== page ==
Rowe remains bullish as M&S falls to first loss
Cutting its cloth: M&S eyeing savings
Marks & Spencer CEO Steve Rowe remained bullish about the chain’s long term prospects despite confirming its first ever loss.
The company posted a half-year pre-tax loss of £87.6m against a £158.8m profit last time as the pandemic hammered clothing sales.
Food revenue rose 3%, while clothing and home was revenue down 21.5% and International up 7.4%.
Mr Rowe said performance has been “much more robust than at first seemed possible”.
He added: “We have brought forward three years change in one to become a leaner, faster and more digital business.
“From launching M&S Food online with Ocado to establishing an integrated online business division ‘MS2’ to step-change growth, we are taking the right actions to come through the crisis stronger and set up to win in the new world.”
John Colley, associate dean of Warwick Business School and a former managing director of a FTSE100 company, said: “The current losses merely emphasise the difficulties M&S’s fashion business continues to face.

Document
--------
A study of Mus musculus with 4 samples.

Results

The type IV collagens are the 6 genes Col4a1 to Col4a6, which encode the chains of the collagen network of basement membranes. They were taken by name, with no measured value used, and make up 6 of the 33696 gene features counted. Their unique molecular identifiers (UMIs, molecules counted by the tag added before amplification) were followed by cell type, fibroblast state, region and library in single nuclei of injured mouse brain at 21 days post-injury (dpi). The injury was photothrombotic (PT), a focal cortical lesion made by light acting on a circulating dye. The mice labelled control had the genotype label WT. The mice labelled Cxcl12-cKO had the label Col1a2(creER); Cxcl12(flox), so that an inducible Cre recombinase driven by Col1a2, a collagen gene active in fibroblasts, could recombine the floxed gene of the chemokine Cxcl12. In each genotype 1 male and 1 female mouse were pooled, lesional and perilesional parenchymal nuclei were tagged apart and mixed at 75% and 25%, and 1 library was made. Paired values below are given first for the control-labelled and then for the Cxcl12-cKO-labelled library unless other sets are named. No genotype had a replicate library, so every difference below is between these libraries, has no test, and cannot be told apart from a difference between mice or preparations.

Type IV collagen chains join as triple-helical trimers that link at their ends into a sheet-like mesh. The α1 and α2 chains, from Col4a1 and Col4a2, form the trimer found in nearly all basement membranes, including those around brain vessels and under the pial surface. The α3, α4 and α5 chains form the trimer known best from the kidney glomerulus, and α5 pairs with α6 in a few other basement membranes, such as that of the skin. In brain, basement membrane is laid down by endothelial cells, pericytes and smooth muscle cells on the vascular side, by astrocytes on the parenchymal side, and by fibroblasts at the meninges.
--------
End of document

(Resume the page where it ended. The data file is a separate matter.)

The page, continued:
“Moving online is slow even with the pandemic and still leaves the legacy store burden, which is expensive to close in view of the sizeable redundancy costs. Many of the stores the firm owns are in progressively less trafficked parts of towns.
“It is really not clear what long term future the fashion business has other than progressive decline. On the other hand, the food business has held up well and the Ocado business seems to be doing well although clearly Ocado will be taking a substantial cut. They would not have jettisoned Waitrose without a much bigger reward in sight.”
John Moore, senior investment manager at Brewin Dolphin, said: “Despite the company’s historic loss, there are some encouraging signs in Marks & Spencer’s update.
“The initial success of the Ocado partnership is highly promising and appears to be unlocking the food business’s previously untapped online potential. Debt reduction and improving cashflow also provide some comfort, although the former remains high for a business in transition.
“The bigger question in recent years has been over the performance of the clothing and home division – while the results are not as bad as expected, strategic action has been required for some time to prevent these businesses becoming a millstone around Marks and Spencer’s neck.
“There are some positive noises in today’s update that suggest a direction of travel, but the elephant in the room remains the company’s £2.5bn of lease obligations, which tie it into the traditional retail world and all its associated challenges.”